Writing for The Los Angeles Times , Jim Heid focused his latest column on Apple’s forthcoming first major upgrade to Mac OS X, version 10.1. Heid’s comments come in an article entitled
Version 10.1 Brings Much to the OS X Party.
Heid cites 10.1’s improved performance and usability improvements, like the ability to turn off font smoothing for small type sizes, a dock that can be repositioned vertically on the screen, and control mechanisms for adjusting speaker volume and monitor settings in the menu bar. Heid also lauds Apple’s decision to hide file extensions in 10.1, a move that has been created to appease Mac veterans who prefer the type and creator code identification system that is in use in Mac OS 9.
Heid admitted that “patience remains a virtue” when it comes to looking for third-party application support for Mac OS X. Heid explained that major apps are coming later this year with native OS X support, including ViaVoice, the finished version of Toast, and Virtual PC.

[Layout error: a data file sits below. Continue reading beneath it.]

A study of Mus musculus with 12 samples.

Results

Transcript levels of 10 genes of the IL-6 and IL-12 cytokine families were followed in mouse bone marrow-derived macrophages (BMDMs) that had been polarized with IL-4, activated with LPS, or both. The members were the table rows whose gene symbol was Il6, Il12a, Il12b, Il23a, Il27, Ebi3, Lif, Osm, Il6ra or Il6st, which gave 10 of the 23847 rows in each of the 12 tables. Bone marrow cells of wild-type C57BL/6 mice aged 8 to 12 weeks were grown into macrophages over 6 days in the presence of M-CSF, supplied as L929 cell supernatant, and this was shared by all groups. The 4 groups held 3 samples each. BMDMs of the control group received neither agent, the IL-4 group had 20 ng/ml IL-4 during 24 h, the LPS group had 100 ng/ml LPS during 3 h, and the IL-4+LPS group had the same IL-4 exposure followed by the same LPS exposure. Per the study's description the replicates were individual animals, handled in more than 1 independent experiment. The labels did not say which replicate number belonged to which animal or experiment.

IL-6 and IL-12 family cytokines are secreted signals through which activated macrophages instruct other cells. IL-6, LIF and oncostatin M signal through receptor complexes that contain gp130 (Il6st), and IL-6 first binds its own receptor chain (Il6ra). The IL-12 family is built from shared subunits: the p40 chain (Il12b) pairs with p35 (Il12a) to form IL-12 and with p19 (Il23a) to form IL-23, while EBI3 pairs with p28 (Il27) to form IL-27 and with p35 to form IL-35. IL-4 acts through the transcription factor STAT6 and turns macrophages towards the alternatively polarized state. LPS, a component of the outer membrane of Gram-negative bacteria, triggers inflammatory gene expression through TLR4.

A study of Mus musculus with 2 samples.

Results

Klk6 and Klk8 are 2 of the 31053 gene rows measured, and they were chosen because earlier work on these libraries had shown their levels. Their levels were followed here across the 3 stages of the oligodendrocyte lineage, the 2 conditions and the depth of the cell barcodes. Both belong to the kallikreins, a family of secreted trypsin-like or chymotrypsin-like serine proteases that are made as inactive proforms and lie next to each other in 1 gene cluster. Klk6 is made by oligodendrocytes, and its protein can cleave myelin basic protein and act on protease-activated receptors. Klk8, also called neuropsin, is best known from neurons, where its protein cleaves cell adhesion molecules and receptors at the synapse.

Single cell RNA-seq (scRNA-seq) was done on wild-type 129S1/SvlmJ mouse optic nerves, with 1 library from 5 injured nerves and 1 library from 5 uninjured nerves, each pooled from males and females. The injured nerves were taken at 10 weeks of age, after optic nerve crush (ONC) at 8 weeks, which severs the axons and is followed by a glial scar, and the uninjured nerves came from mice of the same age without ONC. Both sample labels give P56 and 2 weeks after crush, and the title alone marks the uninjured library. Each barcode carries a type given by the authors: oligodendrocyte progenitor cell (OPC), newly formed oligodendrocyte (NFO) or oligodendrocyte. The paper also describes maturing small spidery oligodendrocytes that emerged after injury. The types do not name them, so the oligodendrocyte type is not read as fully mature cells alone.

Heid brings the analysis full circle by referring back to Steve Jobs’ description of Mac OS X’s adoption and evolution as the hours on a clock. Steve said that it’s four o’clock, or four months along the Apple’s yearlong transition to making Mac OS X the primary operating system for Mac users.
“By this measure, the Mac OS X party won’t get really interesting until the evening hours, when the programs demonstrated at the expo become available. And after that? Well, everyone knows the best parties don’t get going until after midnight.”